COLUMBIA South Carolina Gov. Mark Sanford was in Argentina during a dayslong unexplained absence, not hiking the Appalachian Trail as his staff told the public when state leaders raised questions about his whereabouts, the governor told a newspaper.
The State reported that Sanford arrived Wednesday morning at Atlanta's international airport on a flight from Buenos Aires.
Sanford's spokesman Joel Sawyer declined to comment Wednesday morning to The Associated Press. The governor did not return cell phone messages seeking comment.
Sanford planned a news conference at 2 p.m. today at his office in Columbia.
Critics slammed his administration for lying to the public.
"Lies. Lies. Lies. That's all we get from his staff. That's all we get from his people. That's all we get from him," said state Sen. Jake Knotts, R-West Columbia. "Why all the big cover-up?"
The Republican governor told the South Carolina newspaper that he decided at the last minute to go to the South American country. The governor says he had considered hiking on the Appalachian Trail but wanted to do something "exotic."
Sanford was last seen at work Thursday. On Monday, a state legislator raised questions about where he was after hearing reports from security officials that the governor could not be contacted and his whereabouts were unknown. The governor's wife, Jenny Sanford, told The Associated Press she had not seen him since Thursday but was not concerned because he'd told her he wanted to get away and do some writing.
Late Monday, Sanford's staff said he was hiking the Appalachian Trail. They said Tuesday that he had called in and planned to cut his trip short and return to work Wednesday because of all the attention his absence was getting.
The governor's spokesman, Joel Sawyer, said Sanford wanted to get away to clear his head after the legislative session, during which he lost a key battle. Jenny Sanford said Tuesday, "Leave us to our privacy."
Sanford told The State he was alone on the trip to Argentina. He declined to give any additional details about what he did other than to say he drove along the coastline.
Trying to make such a drive could frustrate a weekend visitor to Argentina. In Buenos Aires, the Avenida Costanera is the only coastal road, and it's less than two miles long. Reaching coastal resorts to the south requires a drive of nearly four hours on an inland highway with views of endless cattle ranches. To the north is a river delta of islands reached only by boat.
A spokesman for Argentina's immigration agency wouldn't comment Wednesday on whether Sanford entered the country, citing privacy laws.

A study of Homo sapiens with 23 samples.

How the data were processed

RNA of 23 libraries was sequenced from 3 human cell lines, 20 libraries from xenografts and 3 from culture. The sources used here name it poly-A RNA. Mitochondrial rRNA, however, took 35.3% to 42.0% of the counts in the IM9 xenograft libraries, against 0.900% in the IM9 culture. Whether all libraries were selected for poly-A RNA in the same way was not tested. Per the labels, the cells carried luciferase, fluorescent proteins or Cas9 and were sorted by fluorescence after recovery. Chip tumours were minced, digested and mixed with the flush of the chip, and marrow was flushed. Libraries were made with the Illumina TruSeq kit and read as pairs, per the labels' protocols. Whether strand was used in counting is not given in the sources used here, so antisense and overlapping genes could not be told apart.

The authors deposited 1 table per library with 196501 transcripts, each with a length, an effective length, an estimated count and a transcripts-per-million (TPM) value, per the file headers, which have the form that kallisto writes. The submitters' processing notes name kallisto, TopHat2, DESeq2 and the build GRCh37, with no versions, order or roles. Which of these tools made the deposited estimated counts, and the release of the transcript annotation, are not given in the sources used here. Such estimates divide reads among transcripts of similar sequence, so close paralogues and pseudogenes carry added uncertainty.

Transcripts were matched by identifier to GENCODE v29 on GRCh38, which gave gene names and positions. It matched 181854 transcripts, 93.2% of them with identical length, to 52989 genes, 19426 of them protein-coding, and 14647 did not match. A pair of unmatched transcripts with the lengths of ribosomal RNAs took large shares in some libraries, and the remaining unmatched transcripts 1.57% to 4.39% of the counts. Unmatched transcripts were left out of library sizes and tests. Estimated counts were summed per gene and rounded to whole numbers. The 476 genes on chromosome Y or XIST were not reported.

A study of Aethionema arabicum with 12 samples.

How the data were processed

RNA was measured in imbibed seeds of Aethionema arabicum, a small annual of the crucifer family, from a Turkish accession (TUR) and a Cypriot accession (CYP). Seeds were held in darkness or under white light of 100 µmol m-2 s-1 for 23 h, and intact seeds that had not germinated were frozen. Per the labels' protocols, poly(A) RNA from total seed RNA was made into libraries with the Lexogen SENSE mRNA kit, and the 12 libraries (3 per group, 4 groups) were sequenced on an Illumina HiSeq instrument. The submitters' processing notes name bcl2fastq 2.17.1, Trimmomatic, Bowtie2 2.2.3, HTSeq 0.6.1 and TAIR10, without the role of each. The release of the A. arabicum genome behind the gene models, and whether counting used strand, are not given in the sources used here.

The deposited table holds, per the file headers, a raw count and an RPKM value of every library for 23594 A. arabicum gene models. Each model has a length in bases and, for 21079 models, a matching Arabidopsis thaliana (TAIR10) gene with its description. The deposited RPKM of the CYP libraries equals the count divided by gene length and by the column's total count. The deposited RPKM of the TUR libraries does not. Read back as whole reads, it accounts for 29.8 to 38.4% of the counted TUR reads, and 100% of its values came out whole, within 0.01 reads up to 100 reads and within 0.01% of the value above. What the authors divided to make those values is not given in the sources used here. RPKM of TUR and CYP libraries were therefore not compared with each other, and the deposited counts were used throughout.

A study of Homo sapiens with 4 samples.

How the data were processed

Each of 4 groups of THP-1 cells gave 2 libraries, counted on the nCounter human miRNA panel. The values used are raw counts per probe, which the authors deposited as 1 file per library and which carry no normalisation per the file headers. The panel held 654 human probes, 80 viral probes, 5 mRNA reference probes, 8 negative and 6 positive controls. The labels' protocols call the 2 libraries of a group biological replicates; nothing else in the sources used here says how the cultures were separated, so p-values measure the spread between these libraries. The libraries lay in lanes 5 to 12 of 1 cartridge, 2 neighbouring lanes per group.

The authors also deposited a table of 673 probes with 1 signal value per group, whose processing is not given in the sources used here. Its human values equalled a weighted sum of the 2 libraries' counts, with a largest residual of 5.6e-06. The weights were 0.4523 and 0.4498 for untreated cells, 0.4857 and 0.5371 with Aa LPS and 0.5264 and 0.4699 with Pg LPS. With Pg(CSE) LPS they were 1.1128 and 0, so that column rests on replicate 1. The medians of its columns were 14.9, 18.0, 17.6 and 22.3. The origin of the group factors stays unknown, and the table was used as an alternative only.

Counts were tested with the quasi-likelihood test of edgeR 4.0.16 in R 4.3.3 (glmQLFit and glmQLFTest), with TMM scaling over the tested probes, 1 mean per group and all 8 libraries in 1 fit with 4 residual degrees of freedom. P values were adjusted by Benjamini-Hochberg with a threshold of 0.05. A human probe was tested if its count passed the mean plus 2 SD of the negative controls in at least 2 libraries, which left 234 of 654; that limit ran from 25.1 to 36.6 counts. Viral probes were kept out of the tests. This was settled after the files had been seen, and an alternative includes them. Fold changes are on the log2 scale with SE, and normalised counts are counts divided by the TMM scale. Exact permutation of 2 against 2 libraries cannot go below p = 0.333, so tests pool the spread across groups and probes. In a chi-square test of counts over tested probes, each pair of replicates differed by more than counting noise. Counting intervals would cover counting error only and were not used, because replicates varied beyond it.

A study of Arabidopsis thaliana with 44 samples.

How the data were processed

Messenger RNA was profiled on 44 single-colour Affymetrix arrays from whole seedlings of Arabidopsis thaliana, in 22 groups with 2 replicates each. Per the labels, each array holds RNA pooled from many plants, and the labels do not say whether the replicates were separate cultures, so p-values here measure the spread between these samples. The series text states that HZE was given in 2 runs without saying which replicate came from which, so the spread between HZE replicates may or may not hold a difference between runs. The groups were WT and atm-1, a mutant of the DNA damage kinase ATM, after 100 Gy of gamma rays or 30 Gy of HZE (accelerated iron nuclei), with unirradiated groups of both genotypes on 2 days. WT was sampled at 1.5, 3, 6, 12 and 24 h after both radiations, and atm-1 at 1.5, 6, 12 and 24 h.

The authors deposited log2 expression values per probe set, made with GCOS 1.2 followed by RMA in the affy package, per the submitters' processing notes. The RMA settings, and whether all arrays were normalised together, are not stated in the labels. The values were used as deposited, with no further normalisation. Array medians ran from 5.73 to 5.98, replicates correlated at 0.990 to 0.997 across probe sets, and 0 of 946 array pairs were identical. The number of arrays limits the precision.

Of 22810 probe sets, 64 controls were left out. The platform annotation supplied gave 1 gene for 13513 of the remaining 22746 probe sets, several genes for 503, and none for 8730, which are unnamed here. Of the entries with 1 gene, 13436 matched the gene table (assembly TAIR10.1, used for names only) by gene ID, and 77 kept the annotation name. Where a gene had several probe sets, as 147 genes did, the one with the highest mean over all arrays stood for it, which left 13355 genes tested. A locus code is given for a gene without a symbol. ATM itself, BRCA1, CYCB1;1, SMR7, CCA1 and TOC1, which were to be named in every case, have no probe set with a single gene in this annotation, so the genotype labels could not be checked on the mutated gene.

When The State asked Sanford at the airport why his staff said he was on the Appalachian Trail, Sanford replied, "I don't know."
Sanford later said "in fairness to his staff," he had told them he might go hiking on the Appalachian Trial.
Lt. Gov. Andre Bauer said he was concerned that the governor's staff lied about Sanford's whereabouts, adding that if they didn't know where he was they should have said so.
"For his staff to lie to the people of South Carolina and say he was one place when in fact he wasn't, that concerns me," Bauer said.
Sanford has been a fan of Argentina for years. While in Congress and since he's said that nation's Social Security system has a model the U.S. should follow.
Sanford, a trim, 49-year-old former real estate investor and Air Force reservist, is typically drained at the end of a legislative session, former aides said. State Sen. Tom Davis, a Beaufort Republican and Sanford's former chief of staff, said he visited with Sanford last Wednesday and could tell the governor was ready for a break.
"It's not unusual to take off and kind of be by himself," Davis said. "It's part of what makes him him."
The governor has long been known as a loner bucking GOP leadership during three U.S. House terms and casting the only dissenting vote on Medicaid coverage for some breast and cervical cancer treatment. He clashes often with the Republicans who control both chambers of his state Legislature, once famously carrying two piglets to the door of the House in opposition to what he said was pork-barrel spending.
But past vacations never left Sanford completely out of touch, said Chris Drummond, Sanford's former spokesman. At worst, Sanford would call in daily or would respond to voice mails.
Who was in charge became the political and practical question.
Essentially, Sanford's staffers said they'd decide who to call if an emergency popped up and the governor couldn't be reached. The state's constitution says a temporary absence would give the lieutenant governor full authority in the state. But the temporary absence has never been defined.
Senate President Pro Tem Glenn McConnell, a Charleston Republican, said the state's law needs to be clarified. He said state residents want important decisions to be made by elected leaders.
"In an emergency," he said, "it should be those people who consult with staff to make a decision and not the other way around."